The Bank of England is launching a recruitment drive to its supervision and surveillance division. Insiders insist it is part of an annual trawl for new personnel and, God forbid, has nothing with the Old Lady's handling of the Barings crisis.

The 300-person supervision and surveillance division is responsible for all banks in the City, foreign and domestic. It was shaken up on two occasions recently, firstly after the Johnson Matthey crash, when staff numbers were significantly augmented, and later after the BCCI fiasco, which lead to the appointment of specialist analysts andeconomists.

Following criticism of the Bank for failing to spot the crash early enough or to send in on-site auditors in sufficient numbers, the recruitment looks suspiciously like early preparations to bring in fresh blood.

Dr Stephen Covey, one of these new-fangled American "motivators", is set to visit England next month. His book, which is used by British Gas, Glaxo and Tesco, is described by President Bill Clinton as "one of three books every worker should read to dramatically boost the nation's productivity." One can hardly imagine what the other two are.

Blair Treherne Pollock, 27, the high-flying broker from Smith New Court capital markets, came down to earth with a crash this weekend. The enthusiastic pilot was staying at a grand country weekend and, after regaling guests with stories of his dashing airborne exploits, he kindly offered to take Mark Burges Watson of Fleming's Japanese equities for a spin in his two- seater Pitts Special bi-plane.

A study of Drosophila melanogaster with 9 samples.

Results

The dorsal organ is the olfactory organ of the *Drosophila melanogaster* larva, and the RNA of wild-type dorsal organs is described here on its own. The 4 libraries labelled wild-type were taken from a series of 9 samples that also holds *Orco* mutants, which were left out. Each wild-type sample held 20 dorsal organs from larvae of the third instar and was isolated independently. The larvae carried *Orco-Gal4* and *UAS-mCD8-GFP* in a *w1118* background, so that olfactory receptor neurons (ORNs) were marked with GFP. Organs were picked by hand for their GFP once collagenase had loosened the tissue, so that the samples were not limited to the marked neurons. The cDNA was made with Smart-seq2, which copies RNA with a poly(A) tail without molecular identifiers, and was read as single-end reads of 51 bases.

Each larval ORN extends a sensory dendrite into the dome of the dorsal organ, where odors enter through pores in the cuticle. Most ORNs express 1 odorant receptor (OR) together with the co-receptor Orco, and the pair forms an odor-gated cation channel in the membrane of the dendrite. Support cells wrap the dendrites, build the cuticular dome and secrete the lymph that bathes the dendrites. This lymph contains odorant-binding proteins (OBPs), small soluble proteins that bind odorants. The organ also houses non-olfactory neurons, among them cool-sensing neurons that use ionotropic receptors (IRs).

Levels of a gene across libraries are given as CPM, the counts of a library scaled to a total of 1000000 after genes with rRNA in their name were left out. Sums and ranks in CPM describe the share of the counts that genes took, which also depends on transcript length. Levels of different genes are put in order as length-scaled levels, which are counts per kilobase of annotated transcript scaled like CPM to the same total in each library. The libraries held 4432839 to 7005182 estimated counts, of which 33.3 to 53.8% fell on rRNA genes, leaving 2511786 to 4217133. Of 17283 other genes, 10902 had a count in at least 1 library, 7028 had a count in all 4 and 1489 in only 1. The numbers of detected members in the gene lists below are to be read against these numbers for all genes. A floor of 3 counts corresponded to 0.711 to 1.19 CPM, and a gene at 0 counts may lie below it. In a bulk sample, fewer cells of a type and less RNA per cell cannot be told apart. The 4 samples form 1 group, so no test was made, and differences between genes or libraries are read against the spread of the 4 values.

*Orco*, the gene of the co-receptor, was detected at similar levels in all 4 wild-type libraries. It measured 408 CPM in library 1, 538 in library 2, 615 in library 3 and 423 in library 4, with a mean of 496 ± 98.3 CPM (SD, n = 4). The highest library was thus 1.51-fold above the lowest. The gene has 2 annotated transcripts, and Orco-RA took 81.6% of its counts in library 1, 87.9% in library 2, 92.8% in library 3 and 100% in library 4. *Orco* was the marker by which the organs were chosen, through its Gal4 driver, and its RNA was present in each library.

After looping the loop over Lincolnshire, he brought the plane in to land. Sadly a fierce cross-wind forced him to use too much force and the eight-year-old stunt plane crashed into the grass, breaking the landing gear and bending the propeller.

"It was one helluva thump," said Burges Watson, who drove the pilot back home to London. T-P, initially crestfallen by the crash, has quickly recovered his poise.

"I have decided to blame too many City lunches which have made me too fat and heavy," he explains. "The worst bit was having to take a lift home in a Flemings company vehicle."

Martin Davey, managing director of Cranswick, the animal feed and pork products company, faces a life-or-death struggle in May. The 40-year-old entrepreneur is playing amateur football for the local team Walkington in the Yorkshire County Cup, in the culmination of a fiercely fought battle.

His team beat the former cup holders with an emphatic 4-1 victory over the works team from Malton Bacon Factory, owned by rivals Unigate, so he is feeling confident of victory.